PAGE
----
Monday, December 8, 2008

Post-Election Tax Advice

OKC Business contacted me the other day about what to expect, tax-wise, from an Obama presidency. The link should work but in case it doesn't, here's the whole thing:

"President-elect Barack Obama campaigned on the need for change. Now that the election is over, one way or another, business owners will likely see just that.

“I don’t know if it’s first on everyone’s mind, but that was one of the big differences between him and (Sen. John) McCain was their tax plans,” said Oklahoma City CPA Peter Terranova. “With Obama’s [tax plan] in place, I guess there may be some changes coming down the road. [People] think taxes will go up, and I think they will.”

Terranova said one of the first ways taxes are expected to rise is by allowing President George W. Bush’s tax cuts to expire and revert to prior rates. The cuts were part of this summer’s stimulus package.

With the national debt of the United States increasing approximately $4 billion per day to more than $10 trillion in November, the federal government will have to do something to back off the slippery slope.

“We know that our country will be looking for dollars,” said Nancy Hyde, CPA. “I think everyone is agreeing that is going to happen and that it has to happen.”

Currently, tax experts agree businesses enjoy a relatively low 15 percent capital gains rate. The rate is applied to profits arising from the sale of things such as stock and other appreciable (generally) assets.

Hyde said the rate is expected to go higher.

Another issue the new administration will be forced to deal with is the federal estate tax.

The federal estate tax is a tax on the right to transfer property at death and is reported on Form 706. The tax is applied to estates exceeding $2 million at death in 2008 and $3.5 million in 2009, according to the Internal Revenue Service.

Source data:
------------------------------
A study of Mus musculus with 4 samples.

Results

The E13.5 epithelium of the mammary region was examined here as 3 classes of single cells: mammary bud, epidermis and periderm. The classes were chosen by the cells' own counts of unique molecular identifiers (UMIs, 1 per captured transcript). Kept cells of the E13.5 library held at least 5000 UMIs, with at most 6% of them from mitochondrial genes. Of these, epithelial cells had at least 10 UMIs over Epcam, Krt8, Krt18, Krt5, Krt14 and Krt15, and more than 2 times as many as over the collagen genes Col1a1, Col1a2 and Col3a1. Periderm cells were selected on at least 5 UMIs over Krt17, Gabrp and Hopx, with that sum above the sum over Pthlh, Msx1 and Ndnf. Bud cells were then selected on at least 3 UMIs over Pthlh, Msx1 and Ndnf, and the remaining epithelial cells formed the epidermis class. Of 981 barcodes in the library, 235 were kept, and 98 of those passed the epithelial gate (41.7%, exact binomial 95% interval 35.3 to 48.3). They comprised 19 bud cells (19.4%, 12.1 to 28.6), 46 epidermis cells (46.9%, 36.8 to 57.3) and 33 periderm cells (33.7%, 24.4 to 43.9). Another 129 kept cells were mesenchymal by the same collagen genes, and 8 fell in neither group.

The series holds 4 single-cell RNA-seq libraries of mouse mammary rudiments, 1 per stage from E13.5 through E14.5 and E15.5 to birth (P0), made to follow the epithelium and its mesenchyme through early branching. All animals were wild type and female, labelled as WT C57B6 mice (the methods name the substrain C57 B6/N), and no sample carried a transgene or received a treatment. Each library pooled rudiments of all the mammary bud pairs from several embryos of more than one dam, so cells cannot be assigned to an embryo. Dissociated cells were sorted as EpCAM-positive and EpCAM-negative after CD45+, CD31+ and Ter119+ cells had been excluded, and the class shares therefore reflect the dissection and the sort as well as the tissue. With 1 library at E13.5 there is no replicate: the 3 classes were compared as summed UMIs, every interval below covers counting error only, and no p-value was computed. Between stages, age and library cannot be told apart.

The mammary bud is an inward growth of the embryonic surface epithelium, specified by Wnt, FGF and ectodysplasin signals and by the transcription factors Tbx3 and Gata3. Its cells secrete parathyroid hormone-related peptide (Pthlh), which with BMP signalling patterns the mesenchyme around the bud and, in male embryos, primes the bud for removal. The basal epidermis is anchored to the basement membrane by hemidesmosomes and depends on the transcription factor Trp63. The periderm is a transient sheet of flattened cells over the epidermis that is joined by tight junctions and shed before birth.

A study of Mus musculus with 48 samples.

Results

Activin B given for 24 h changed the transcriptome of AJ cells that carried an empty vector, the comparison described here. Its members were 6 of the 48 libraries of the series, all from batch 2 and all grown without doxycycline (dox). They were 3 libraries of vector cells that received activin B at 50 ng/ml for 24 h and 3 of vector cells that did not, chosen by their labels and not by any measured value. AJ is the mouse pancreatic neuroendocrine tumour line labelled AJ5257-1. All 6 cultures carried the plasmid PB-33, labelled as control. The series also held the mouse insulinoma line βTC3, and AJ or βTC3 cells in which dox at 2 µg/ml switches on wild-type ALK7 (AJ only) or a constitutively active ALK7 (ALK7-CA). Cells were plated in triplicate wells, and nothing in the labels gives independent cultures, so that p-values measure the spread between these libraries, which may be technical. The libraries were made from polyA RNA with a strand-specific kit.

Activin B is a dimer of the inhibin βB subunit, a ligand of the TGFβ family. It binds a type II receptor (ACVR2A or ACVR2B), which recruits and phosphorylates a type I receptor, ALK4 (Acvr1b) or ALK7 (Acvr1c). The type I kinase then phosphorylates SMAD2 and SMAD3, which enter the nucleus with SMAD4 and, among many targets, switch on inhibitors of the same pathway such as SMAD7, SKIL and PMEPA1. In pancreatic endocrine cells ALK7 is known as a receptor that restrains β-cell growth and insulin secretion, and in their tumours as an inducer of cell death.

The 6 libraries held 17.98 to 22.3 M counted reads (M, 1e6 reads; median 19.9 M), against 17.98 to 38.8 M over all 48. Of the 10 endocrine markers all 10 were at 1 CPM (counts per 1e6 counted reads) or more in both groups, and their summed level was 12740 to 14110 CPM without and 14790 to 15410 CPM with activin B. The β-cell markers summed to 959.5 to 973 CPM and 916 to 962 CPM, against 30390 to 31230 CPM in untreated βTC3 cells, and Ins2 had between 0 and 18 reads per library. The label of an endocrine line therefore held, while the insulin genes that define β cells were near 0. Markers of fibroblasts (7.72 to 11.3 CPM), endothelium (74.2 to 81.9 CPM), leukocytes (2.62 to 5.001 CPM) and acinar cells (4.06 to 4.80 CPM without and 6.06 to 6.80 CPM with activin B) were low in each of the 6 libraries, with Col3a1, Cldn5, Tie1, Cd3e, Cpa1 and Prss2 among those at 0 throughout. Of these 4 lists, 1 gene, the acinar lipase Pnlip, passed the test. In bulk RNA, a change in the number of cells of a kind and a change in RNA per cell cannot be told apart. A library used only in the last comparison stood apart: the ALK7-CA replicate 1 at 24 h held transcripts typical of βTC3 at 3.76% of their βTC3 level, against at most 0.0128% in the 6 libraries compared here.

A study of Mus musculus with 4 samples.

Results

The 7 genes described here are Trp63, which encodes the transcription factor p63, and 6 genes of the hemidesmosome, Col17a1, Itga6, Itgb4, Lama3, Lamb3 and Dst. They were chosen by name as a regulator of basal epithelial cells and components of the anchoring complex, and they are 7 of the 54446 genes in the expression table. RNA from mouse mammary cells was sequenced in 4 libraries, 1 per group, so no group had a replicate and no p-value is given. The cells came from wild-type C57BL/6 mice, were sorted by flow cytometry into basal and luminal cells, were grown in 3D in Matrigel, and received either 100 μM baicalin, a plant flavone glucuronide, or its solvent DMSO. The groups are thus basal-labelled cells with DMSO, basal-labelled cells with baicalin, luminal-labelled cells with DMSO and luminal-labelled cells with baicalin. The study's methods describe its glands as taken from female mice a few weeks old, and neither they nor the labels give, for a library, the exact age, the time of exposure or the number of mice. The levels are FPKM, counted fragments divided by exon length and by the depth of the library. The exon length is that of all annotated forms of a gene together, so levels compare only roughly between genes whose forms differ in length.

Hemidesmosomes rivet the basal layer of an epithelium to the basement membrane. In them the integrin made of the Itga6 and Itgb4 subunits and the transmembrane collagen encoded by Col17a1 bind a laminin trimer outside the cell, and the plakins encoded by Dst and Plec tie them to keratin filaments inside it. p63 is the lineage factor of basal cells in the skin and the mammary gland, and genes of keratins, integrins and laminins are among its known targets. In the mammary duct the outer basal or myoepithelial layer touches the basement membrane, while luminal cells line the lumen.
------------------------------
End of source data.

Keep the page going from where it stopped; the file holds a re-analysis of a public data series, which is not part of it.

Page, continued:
With a top-bracket rate of 45 percent, taxable items in estates include real estate, cash, stocks, bonds, businesses and decedent-owned life insurance policies.

The Economic Growth and Tax Relief Reconciliation Act of 2001 reduced death tax rates and has increased the exemption every year, and will until the tax is repealed entirely in 2010. However, the repeal wasn’t permanent; the tax will be restored to its full 55 percent rate in 2011.

Some 90 businesses have come together to form the Family Business Estate Tax Coalition with the sole purpose of doing away with the so-called “death tax.”

Before 2009, Terranova said businesses should be taking advantage of Section 179 depreciation limits.

There is good news, however: Historically, the maximum depreciation on capital purchases – such as equipment, furniture and computers –was $150,000. In 2008, that figure has been doubled, but will expire for 2009.

“If businesses are out there contemplating purchasing new assets, they ought to be taking advantage of them by the end of the year,” Terranova sald.

The future is uncertain, but Hyde says she always has a good rule of thumb for her clients: “Taxes are always subject to change.”"

Whoops. That's not quite right about Section 179 depreciation. The limit was $125,000, increase to twice that and due to expire in 2009. I've e-mailed the reporter about it. The print version has a picture of me at my desk. If I can get a copy, I'll be sure to post it.